Sen. Kissel: “Ignoring the problem of juvenile crime will not make it go away.”

March 14, 2022

For Immediate Release:


Sen. Kissel Speaks Out in Support of Proposal to Address CT Juvenile Crime

“Ignoring the problem of juvenile crime will not make it go away.”

Sen. John A. Kissel (R- Enfield),

the Ranking Senator on the Judiciary Committee, today spoke out in favor of the Senate Republican proposal A Better Way to a Safer Connecticut, a legislative package which addresses the increase in juvenile crime, improve crime response, remove barriers to intervention services, and address the root causes of crime.

“Ignoring the problem of juvenile crime will not make it go away,” Sen. Kissel said. “Those who perpetrate criminal acts which hurt people – including juveniles- need to know there will be serious, swift and just consequences for breaking the law.

“The pendulum has gone too far to the left, and this Senate Republican proposal will bring it back to the middle. It was crafted after many months of outreach work communicating with advocates, community leaders, law enforcement, social workers, and other stakeholders. We hope our holistic approach to addressing juvenile crime in Connecticut will receive bipartisan support.”

The package of proposals raised by the Judiciary Committee in Senate Bill 365 An Act Concerning Juvenile and Criminal Justice Reforms includes the following components:

  • Support for community programs focused on trauma, truancy, mediation, and mentorship.
  • Increase information sharing and modify standards around detention orders.
  • Require next day court for juveniles to expedite access to services.
  • Ensure current programs are effective in addressing recidivism rates.
  • Assessment of services within the criminal justice system, including assessment of all programs for juveniles and adults and an assessment of the recent transfer of services from the Department of Children & Families (DCF) to Court Support Services Division (CSSD).
  • Increase 6 hour hold limit to give more time to enable a judge to review and make a determination on whether to detain.
  • Revise transfer to adult court for high risk repeat offenders with confidentiality of youthful offender docket.
  • Mandatory fingerprinting of juveniles arrested for a felony, a Class A Misdemeanor, a charge resulting from loss of life or serious physical injury, a sexual assault, a serious juvenile offense, or an offense involving use of a firearm.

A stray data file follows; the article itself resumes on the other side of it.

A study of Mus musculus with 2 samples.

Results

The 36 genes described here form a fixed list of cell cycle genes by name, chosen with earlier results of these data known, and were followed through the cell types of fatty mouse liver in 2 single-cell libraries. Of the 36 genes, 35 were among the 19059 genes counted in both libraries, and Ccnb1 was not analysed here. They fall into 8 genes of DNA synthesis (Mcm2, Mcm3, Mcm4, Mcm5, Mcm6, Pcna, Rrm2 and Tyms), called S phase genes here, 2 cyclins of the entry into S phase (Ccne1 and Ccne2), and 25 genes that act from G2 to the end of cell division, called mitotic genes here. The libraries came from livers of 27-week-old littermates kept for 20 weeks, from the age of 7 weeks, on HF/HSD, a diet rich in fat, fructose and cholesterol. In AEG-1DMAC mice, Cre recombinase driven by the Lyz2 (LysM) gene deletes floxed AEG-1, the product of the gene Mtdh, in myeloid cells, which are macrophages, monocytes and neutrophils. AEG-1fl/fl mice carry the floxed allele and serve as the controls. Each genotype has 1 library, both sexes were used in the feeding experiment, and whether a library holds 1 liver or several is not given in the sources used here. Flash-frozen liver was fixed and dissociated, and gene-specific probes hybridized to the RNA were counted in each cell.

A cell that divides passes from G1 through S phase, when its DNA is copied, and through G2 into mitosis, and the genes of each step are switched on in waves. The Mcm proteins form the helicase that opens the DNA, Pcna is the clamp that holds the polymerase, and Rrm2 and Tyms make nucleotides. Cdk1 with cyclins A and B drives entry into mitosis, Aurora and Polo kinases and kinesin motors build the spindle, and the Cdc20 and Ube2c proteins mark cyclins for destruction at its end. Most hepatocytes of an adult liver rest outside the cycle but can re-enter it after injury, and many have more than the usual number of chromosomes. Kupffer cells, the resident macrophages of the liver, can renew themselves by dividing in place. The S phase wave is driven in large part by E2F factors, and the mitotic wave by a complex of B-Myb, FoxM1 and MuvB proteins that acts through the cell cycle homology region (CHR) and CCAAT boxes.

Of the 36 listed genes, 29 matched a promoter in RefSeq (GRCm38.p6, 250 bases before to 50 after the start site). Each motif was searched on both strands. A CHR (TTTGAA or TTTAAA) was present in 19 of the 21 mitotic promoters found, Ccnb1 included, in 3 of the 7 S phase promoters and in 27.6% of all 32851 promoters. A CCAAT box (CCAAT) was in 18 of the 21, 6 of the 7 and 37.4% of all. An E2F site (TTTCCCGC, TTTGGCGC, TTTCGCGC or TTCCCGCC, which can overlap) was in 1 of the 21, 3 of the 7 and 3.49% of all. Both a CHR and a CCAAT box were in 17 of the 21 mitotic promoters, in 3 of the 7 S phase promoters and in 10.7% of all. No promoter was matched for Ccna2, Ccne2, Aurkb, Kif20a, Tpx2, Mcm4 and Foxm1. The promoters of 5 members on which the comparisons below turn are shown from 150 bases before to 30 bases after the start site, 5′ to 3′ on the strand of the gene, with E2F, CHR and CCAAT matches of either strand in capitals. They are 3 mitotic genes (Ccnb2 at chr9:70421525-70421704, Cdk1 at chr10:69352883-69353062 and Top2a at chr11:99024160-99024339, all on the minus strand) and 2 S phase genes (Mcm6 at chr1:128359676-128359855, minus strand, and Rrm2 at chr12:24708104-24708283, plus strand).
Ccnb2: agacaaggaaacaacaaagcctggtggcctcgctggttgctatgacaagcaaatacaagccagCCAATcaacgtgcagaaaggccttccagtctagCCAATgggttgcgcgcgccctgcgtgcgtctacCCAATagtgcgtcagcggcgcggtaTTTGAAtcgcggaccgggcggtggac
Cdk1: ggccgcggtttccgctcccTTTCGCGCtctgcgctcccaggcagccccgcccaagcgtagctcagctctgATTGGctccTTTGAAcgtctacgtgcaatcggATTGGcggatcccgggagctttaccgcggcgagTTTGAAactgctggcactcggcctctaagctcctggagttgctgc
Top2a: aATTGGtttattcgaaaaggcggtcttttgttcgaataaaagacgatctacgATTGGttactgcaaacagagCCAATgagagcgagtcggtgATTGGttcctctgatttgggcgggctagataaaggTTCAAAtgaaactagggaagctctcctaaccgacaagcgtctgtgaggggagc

In addition to the above policies, A Better Way to a Safer Connecticut also includes the following policies:

  • Workforce development programs to better connect young people to opportunities and careers
  • Partnerships with schools and local businesses to create a pipeline to careers
  • Summer jobs program to give youth the ability to know where their summer employment will be, to select a field of interest to them, and to have a known source of stable income in the summer months.
  • Vocational program recruitment to ensure Connecticut’s vocational-technical high schools are within reach for youth in urban communities and are being discussed with students at an early age.
  • Safe housing policies including ending hidden ownership, studying the federal Housing Choice Voucher Program to evaluate any disparate impacts the program may have on the development of at-risk children and youth or families, and establishing a housing authority resident quality of life improvement grant program.
  • Law Enforcement Officer (LEO) Pipeline Pilot. A pilot program involving local universities with the goal of recruiting individuals to pursue law enforcement careers at the state and local level.
  • Explorer Program Expansion. Expanding successful “explorer” programs by creating a high school elective program focused on learning about law enforcement in which a student can earn credit to graduate. These programs have been successful in multiple communities in building interaction and involvement with young people and officers to build better community relationships.
  • Revisions to the 2020 police bill focused on refining the legislation to address concerns raised while also preserving its core intended goals.
    Allow for use of stop sticks (tire-deflation device) used by law enforcement to safely and quickly stop a vehicle.
  • Funding for Social/Data Intelligence. Investigations and proactive policing have become very much data driven and intelligence driven in recent years. Social media and online data can help officers prevent crime before situations escalate. This proposal seeks to ensure funding is available to assist police departments in budgeting for the modernization of intelligence tools.